Nearly a month after J.J. Abrams announced Paramount Pictures plans to drop a controversial lawsuit against the producers of a "Star Trek" fan film, the court filings continue.
According to The Hollywood Reporter, Paramount and CBS acknowledge public statements that the litigation is “going away," but informed a federal judge on Wednesday that their copyright-infringement action remains pending.
The two companies, which split the film and television rights to the enduring sci-fi franchise, sued Anaxar Productions in December to prevent production of the crowd-funded "Star Trek Axanar," a prequel billed as “first fully-professional, independent ‘Star Trek’ film.” Because the rights holders had long tolerated fan-produced works, from webseries to short films, the action proved both surprising and divisive, and created a chilling effect in the fan film community.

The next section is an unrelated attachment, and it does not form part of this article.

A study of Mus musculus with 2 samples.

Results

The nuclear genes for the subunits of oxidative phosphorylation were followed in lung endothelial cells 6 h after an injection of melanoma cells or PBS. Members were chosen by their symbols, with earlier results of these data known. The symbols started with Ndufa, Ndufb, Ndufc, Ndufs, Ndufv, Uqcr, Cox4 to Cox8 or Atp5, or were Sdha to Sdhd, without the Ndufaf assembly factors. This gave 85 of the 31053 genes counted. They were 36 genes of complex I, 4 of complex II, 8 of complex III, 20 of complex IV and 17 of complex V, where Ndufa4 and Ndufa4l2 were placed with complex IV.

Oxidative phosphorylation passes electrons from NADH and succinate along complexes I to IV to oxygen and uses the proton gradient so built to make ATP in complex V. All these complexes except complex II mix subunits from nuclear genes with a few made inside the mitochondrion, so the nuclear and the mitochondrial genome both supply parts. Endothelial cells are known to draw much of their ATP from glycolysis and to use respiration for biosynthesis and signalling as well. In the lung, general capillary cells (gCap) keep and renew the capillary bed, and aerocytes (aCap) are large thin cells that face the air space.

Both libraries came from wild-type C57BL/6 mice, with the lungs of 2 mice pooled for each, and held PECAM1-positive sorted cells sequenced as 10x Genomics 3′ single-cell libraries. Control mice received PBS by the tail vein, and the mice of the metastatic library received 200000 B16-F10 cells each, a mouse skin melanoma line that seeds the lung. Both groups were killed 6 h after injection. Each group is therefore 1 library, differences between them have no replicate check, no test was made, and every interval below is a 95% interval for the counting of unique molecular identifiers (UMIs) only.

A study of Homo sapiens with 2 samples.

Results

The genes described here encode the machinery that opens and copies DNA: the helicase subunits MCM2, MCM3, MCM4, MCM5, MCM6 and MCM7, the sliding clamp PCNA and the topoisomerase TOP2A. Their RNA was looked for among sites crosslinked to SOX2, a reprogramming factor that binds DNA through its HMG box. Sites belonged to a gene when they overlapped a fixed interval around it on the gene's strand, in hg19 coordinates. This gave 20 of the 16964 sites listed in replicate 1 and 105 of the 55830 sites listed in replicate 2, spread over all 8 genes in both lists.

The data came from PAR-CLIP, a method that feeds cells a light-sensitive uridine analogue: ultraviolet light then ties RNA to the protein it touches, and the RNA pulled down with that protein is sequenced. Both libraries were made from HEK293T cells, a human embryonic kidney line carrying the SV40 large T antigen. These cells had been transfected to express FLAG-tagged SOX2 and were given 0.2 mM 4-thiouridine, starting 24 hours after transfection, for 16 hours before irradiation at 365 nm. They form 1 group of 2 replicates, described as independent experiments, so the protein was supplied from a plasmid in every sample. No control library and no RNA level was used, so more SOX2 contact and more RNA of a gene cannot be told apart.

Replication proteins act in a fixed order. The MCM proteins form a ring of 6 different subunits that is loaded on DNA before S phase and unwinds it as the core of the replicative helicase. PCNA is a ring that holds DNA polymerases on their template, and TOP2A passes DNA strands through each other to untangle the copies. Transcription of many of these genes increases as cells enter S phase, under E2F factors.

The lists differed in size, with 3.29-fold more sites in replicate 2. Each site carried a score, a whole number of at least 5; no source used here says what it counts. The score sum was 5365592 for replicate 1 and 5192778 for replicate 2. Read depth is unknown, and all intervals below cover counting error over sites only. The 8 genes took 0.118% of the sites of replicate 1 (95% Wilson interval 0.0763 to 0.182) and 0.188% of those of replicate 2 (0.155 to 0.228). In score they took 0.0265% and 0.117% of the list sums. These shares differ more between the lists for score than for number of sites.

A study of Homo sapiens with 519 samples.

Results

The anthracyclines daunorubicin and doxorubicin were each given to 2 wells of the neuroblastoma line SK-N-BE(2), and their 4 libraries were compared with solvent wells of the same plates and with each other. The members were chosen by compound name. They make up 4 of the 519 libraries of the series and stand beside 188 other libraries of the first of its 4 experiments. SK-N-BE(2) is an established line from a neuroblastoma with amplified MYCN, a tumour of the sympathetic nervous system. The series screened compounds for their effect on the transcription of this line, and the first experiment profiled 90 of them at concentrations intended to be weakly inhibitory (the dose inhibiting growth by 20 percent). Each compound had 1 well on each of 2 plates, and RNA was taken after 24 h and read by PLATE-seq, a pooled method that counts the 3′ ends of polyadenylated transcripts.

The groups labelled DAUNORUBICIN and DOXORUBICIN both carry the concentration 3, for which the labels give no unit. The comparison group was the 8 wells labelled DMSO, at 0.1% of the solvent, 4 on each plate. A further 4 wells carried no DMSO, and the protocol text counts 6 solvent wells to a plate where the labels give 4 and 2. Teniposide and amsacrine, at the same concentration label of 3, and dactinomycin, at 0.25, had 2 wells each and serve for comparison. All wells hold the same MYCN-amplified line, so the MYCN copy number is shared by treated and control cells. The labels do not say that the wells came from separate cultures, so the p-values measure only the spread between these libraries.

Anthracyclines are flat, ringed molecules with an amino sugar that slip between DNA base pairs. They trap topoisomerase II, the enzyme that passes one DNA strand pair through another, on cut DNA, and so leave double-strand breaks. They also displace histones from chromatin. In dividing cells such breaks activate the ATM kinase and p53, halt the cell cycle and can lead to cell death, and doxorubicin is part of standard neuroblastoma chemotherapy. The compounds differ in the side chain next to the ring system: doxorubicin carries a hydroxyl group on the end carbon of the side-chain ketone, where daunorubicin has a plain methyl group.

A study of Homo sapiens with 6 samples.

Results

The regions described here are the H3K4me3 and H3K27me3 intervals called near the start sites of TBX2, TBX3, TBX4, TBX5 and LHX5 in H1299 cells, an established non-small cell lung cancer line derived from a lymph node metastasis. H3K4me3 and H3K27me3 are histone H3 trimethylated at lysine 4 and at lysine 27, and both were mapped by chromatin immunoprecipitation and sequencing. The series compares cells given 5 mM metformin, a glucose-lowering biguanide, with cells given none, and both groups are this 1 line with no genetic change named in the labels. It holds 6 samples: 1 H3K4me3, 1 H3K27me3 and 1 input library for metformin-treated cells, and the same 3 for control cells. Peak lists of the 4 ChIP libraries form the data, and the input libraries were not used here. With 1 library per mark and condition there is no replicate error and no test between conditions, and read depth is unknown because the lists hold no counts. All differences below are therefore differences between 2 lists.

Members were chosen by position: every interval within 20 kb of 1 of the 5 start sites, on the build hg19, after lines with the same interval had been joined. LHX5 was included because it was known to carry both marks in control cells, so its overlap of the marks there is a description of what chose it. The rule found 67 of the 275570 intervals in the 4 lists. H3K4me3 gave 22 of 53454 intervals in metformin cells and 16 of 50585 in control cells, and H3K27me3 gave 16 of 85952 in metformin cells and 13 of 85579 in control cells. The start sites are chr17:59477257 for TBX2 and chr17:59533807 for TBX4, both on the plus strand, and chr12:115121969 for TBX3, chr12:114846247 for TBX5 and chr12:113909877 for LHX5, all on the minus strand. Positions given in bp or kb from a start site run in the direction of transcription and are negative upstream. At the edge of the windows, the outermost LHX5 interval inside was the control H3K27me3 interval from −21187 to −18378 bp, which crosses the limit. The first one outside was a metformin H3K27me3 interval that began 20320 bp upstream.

"Star Trek Beyond" director Justin Lin waded into the dispute in March with a tweet that left no doubt about his loyalties: "This is getting ridiculous! I support the fans. Trek belongs to all of us." Abrams revealed last month at a "Star Trek" 50th-anniversary fan event that it was Lin who convinced Paramount to change its position.
"We started talking about it and realized this was not an appropriate way to deal with the fans," Abrams said in his surprise announcement. "The fans should be celebrating this thing. Fans of ‘Star Trek’ are part of this world. So he went to the studio and pushed them to stop this lawsuit and now, within the next few weeks, it will be announced this is going away, and that fans would be able to continue working on their project.”
While grateful for the public support from Lin and Abrams, Axanar Productions were cautiously optimistic, noting on the heels of the announcement that the lawsuit remained pending.